Travel #6: Mother and Daughters Explore Ireland, 2016

March 28, 2020

My two daughters, Andrea and Sonya, and I spent two wonderful weeks exploring Ireland. Starting off in Dublin on the 100th anniversary of the 1916 Easter Rising, we attended museums and demonstrations celebrating the rebellion, including Kilmainham Jail. We also ended the trip in Dublin with a visit to Trinity College to its remarkable library, including the Book of Kells.

Having a car made the excursions on the island particularly exciting, and we could follow our interests, depending on the weather and what appealed to us. A wonderful day was spent at the Irish National Stud & Gardens, state-owned commercial stud farm which also incorporates famous Japanese Gardens. Since Andrea and Sonya had each raised and cared for a horse in our backyard corral and loved riding along the American River, the opportunity to get close to some of the finest horses alive, was a thrill.


Galway was a great place to spend several days, enjoying the music and the pub scene. Driving north along the coast, we visited the Cliffs of Moher, the Burren, and The Giant’s Causeway, a sandstone cliff, 700 feet above the Atlantic Ocean. We stopped at Sligo, burial place of William Butler Yeats.

Then we crossed over into Northern Ireland. In both Belfast and Derry we took a tour of the neighborhood, with the wall of barbed wire, designated the boundaries of the conflicts between the loyalists and republicans. We spent time reading the murals on the “Peace walls”  with their political messages. We were there right after the Brexit vote so our conversations with people there were extremely interesting, especially the man who told us he voted for Brexit as a protest, never thinking it would pass.  The Titanic Museum in Belfast was particularly interesting as there is a family story that my grandparents had steerage tickets on the Titanic, but because my grandmother was pregnant with my mother, they gave those tickets up, and after my mother was born in July 1912, they booked passage to New York. There’s no way to prove this, but it’s a great story.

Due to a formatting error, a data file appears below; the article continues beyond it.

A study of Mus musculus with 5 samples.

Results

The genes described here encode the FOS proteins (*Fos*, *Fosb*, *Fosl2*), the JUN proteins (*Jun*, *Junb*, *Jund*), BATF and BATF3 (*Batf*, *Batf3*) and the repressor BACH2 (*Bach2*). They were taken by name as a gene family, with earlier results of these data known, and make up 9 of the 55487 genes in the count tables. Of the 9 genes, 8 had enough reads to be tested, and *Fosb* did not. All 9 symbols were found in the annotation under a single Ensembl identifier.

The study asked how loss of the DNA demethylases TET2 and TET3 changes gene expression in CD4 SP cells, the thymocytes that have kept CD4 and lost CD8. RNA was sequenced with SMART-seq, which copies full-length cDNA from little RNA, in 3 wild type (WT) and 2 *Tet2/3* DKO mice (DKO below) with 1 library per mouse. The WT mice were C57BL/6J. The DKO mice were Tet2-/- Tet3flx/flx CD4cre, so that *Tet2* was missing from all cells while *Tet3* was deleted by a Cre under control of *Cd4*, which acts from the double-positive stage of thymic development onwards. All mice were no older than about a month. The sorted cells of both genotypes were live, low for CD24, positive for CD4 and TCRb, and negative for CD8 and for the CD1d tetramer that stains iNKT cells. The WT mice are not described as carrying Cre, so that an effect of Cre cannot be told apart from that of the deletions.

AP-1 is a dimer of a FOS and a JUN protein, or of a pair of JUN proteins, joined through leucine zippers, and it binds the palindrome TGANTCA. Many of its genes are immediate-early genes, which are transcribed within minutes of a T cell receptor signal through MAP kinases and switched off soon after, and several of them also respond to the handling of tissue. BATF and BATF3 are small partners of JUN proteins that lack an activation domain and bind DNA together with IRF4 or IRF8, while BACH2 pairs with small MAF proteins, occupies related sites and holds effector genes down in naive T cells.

A highlight was visiting Newgrange, the Megalithic 5,200 year old passage tomb in the Boyne Valley built by Stone Age farmers. The passage and chamber are aligned with the rising son on the mornings around the winter solstice.

In addition to the coastal views of beaches and cliffs, intense wind and weather, that is part of being in Ireland, history is always present. From the tiny cottages, the peat bogs, and the displays about the  Great Famine  (1845-1849), to the present day when Ireland has become a successful high tech part of Europe (the Celtic Tiger), we felt surrounded by the warmth, humor, and strength of the people.

After Andrea flew back to the U.S., Sonya and I had a few more days. We drove back to the coast, enjoyed Dingle where she went horseback riding and I took a cruise around Dingle Harbor, hiked in Killarney National Park.

All three of us would gladly return to Ireland as it was “grand” vacation.